Beijing: China’s new Foreign Minister Qin Gang in the first phone call with his Pakistani counterpart Bilawal Bhutto Zardari said that Beijing is concerned about the safety of its workers based in Pakistan and urged him to take “strong” security measures to protect them. Qin, who recently succeeded Wang Yi, had a phone call at the request of Bilawal on January 9, a Chinese Foreign Ministry statement here said on Tuesday.

Besides customary references to special ties between the two all-weather allies and China’s wish to improve the relations further, Qin “stressed that with the Chinese New Year just days away, the Chinese side is highly concerned about the safety of Chinese citizens in Pakistan and hopes that the Pakistani side will continue to take strong security measures”.

Bilawal assured Qin that “the Pakistani side will spare no efforts to protect the safety of the Chinese personnel, institutions, and projects in Pakistan,” the statement said.

The security of hundreds of Chinese personnel working on various projects of the USD 60 billion China-Pakistan Economic Corridor (CPEC) has become a subject of concern for Beijing in recent years.

The CPEC aims to connect Pakistan’s Gwadar port in Balochistan with China’s Xinjiang province. India has objected to the CPEC as it traverses through the Pakistan-occupied Kashmir.

China apprehends renewed attacks on its citizens during the Chinese New Year and Spring Festival, to be celebrated for a week from January 21.

Pakistan has pressed army contingents to provide security for the Chinese workers.

In April last year, three Chinese teachers were killed in a suicide bombing attack at Karachi University, which was carried out by the separatist outfit Baloch Liberation Army (BLA).

The BLA is opposed to China’s investments in Balochistan and has accused the all-weather allies of exploiting the resource-rich province. Some of the other attacks were also attributed to radical Islamic militant outfits like the banned Tehreek-e-Taliban Pakistan (TTP), which was blamed for orchestrating the bomb attack on a bus carrying Chinese engineers working on a hydropower project at Dasu in 2021.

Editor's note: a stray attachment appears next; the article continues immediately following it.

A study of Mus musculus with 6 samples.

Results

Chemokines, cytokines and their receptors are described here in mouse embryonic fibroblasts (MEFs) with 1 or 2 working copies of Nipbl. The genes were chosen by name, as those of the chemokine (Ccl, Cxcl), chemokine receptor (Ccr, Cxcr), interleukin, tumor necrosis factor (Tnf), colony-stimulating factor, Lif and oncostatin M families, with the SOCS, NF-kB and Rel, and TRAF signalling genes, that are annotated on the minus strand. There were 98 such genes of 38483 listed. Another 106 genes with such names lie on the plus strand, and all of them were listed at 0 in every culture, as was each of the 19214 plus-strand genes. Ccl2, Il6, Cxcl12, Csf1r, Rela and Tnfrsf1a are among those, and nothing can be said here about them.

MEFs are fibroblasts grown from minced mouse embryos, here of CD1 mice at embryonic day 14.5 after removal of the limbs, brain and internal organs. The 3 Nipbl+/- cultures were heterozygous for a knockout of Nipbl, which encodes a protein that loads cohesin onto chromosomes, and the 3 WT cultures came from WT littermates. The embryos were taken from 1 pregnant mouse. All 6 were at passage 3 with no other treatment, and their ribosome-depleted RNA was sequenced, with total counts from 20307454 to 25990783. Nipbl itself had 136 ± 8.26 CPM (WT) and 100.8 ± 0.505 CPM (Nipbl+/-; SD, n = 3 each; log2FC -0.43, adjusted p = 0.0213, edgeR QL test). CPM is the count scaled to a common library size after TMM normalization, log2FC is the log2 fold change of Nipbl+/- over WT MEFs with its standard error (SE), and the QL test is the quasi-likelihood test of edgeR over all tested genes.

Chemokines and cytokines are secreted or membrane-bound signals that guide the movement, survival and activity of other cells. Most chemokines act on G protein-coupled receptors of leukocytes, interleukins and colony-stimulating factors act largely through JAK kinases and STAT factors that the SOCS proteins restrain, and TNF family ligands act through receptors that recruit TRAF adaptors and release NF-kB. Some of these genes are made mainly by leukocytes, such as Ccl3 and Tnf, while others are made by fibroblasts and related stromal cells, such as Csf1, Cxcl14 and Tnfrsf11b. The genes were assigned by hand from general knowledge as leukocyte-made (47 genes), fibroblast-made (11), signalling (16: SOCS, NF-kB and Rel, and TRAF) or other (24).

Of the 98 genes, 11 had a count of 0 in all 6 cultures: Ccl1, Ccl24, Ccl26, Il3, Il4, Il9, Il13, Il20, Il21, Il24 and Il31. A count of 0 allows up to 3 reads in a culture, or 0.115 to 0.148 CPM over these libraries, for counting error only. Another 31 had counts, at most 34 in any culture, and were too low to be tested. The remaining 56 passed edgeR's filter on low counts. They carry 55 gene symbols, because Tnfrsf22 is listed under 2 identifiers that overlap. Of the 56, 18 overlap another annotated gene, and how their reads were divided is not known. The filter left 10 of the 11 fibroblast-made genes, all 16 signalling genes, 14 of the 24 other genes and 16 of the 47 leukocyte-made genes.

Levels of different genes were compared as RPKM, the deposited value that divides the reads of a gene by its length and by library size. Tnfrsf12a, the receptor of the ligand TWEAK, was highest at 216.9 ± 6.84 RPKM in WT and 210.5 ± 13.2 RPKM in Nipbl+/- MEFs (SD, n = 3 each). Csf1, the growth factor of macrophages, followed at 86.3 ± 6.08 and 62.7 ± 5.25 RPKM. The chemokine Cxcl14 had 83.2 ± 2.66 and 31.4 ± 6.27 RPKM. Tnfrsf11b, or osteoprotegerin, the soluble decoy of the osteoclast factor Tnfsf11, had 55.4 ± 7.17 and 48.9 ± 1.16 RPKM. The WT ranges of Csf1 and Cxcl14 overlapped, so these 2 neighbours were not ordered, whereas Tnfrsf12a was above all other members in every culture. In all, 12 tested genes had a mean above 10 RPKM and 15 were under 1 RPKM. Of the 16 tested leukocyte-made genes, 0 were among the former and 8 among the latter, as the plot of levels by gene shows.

Thirteen people, including nine Chinese nationals, were killed and 23 others injured in the attack, which sent shockwaves in China.

Chinese President Xi Jinping expressed “deep concern” over the security of Chinese nationals working in Pakistan on the CPEC projects when Pakistan Prime Minister Shehbaz Sharif met him here in November last year.

With the recurring attacks on its citizens, China is reportedly pressing Pakistan to permit Chinese security agencies to provide security for their personnel which, according to media reports, Islamabad is resisting, as it meant boots on the ground for the Chinese armed forces.

Besides the recurring attacks, China is concerned about Pakistan’s perennial economic problems especially, the declining balance of payments situation, prompting Beijing to step in to bail out Islamabad to avert a crisis similar to Sri Lanka.

The International Monetary Fund said last year that Pakistan’s total non-Paris Club bilateral debt currently stands at about USD 27 billion, of which Chinese debt is worth about USD 23 billion.

The Chinese side said it is ready to work with the Pakistani side to follow the important common understandings reached by the leaders of the two countries, deepening the traditional friendship between China and Pakistan, and jointly building a closer China-Pakistan community with a shared future in the new era.

Bilawal added the ironclad brotherhood between China and Pakistan is the “North Star” guiding Pakistan’s foreign policy towards China.